Garday Resigns As CFP Board CEO

Louis J. Garday, chief executive officer of Certified Financial Planner Board of Standards, has resigned from the post, effective July 31, to return to the for-profit sector.

"I have accomplished the key goals that I set out to accomplish when I accepted this position," Garday said in a prepared release announcing his resignation. "I have enjoyed guiding CFP Board in this very exciting period for financial planning, and the time is right to return to the for-profit sector where I have spent the vast majority of my career."

Garday was not available for comment at press time because he was on leave from the CFP Board following his May wedding, according to CFP Board spokesman Lance Richlin. Rick Adkins, chair of CFP Board‚s Board of Governors, declined to discuss the specific circumstances of Garday‚s resignation.

CFP Board‚s surprise announcement on July 14 of Garday‚s resignation signaled the beginning of a search for a new CEO, a job that Garday held for two years and was the first to occupy. CFP Board Executive Vice President Gary Diffendaffer will assume responsibility for operations until a new CEO is appointed. The Board of Governors will appoint a committee that will conduct a national search for his replacement.

The CEO position was created in spring 2001 as part of an organizational restructuring that came after the resignation in 2000 of Robert Goss as CFP Board president. Dede Pahl served as the board‚s acting CEO until Garday was appointed.

Garday, a Denver CPA and an investment banker with nearly 30 years of experience in starting and running financial services companies, came into the CEO position without a background in financial planning. However, CFP Board was very impressed with his corporate management experience and enthusiasm–qualities the members felt would help Garday guide the organization during a period of rapid growth. In fact, the board was looking for someone who could get the organization running more efficiently and believed Garday‚s background would help him do that.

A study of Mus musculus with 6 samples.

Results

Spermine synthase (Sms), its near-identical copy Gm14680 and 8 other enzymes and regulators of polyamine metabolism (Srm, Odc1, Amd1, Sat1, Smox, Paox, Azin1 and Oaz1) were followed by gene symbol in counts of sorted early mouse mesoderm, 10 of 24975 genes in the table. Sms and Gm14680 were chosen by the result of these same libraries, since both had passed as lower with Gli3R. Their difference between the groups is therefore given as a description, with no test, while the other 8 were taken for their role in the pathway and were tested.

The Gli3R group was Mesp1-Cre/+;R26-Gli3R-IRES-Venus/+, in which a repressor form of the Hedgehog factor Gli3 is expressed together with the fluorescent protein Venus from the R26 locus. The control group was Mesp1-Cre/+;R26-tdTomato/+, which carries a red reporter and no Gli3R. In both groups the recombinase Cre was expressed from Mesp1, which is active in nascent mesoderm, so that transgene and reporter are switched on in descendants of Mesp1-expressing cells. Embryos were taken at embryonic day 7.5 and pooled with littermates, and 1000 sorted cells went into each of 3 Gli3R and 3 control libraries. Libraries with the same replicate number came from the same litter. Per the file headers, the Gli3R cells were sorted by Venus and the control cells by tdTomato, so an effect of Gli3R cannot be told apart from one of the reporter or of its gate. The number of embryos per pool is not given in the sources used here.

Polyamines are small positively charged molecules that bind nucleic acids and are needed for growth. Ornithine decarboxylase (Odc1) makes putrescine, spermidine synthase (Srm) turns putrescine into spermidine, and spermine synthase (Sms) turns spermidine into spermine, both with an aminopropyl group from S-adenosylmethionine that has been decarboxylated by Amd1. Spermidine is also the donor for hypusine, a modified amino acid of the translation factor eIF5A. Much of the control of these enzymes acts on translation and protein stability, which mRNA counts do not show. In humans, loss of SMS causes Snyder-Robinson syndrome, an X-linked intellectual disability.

Adkins says Garday was excellent at business development and cutting costs, and one of his biggest accomplishments was to relocate the CFP Board Denver offices, saving more than $1 million over the life of the lease. "That was a huge savings for us," Adkins says. "Everything that could have been cut was cut."

But when the CEO turned his efforts to raising revenues, he was limited in what methods he could use because of the CFP Board‚s tax status as a 501c(3), nonprofit organization, Adkins says. Another issue frustrating Garday was the restrictions that trademark law places on the use of the CFP mark. However, Adkins says he couldn‚t elaborate on the ideas Garday had hoped to implement for raising revenue and using the trademark.

"I think Lou was very much of a change agent at the CFP Board. He had the advantage and disadvantage of being from the for-profit world," Adkins says. "The advantage was he brought a more businesslike structure to the way we operate, and I think the CFP Board benefited from what he did. The disadvantage is nonprofits have limitations that can get very frustrating for someone from the for-profit world, and I guess I could see some of those issues building. In May, I would have been awfully surprised, but it ended up being a win-win for both."

Adkins, CEO of the Arkansas Financial Group in Little Rock, says Garday had a tremendous impact during his tenure in extending the reach of CFP Board into areas like support for Ph.D. education and other public educational outreach. "He has led efforts to streamline operations in areas such as the disciplinary process and the organization‚s interface with its stakeholders, and he worked extensively with CFP Board‚s international council and affiliates to help increase access to competent and ethical financial planning for the international community," Adkins says.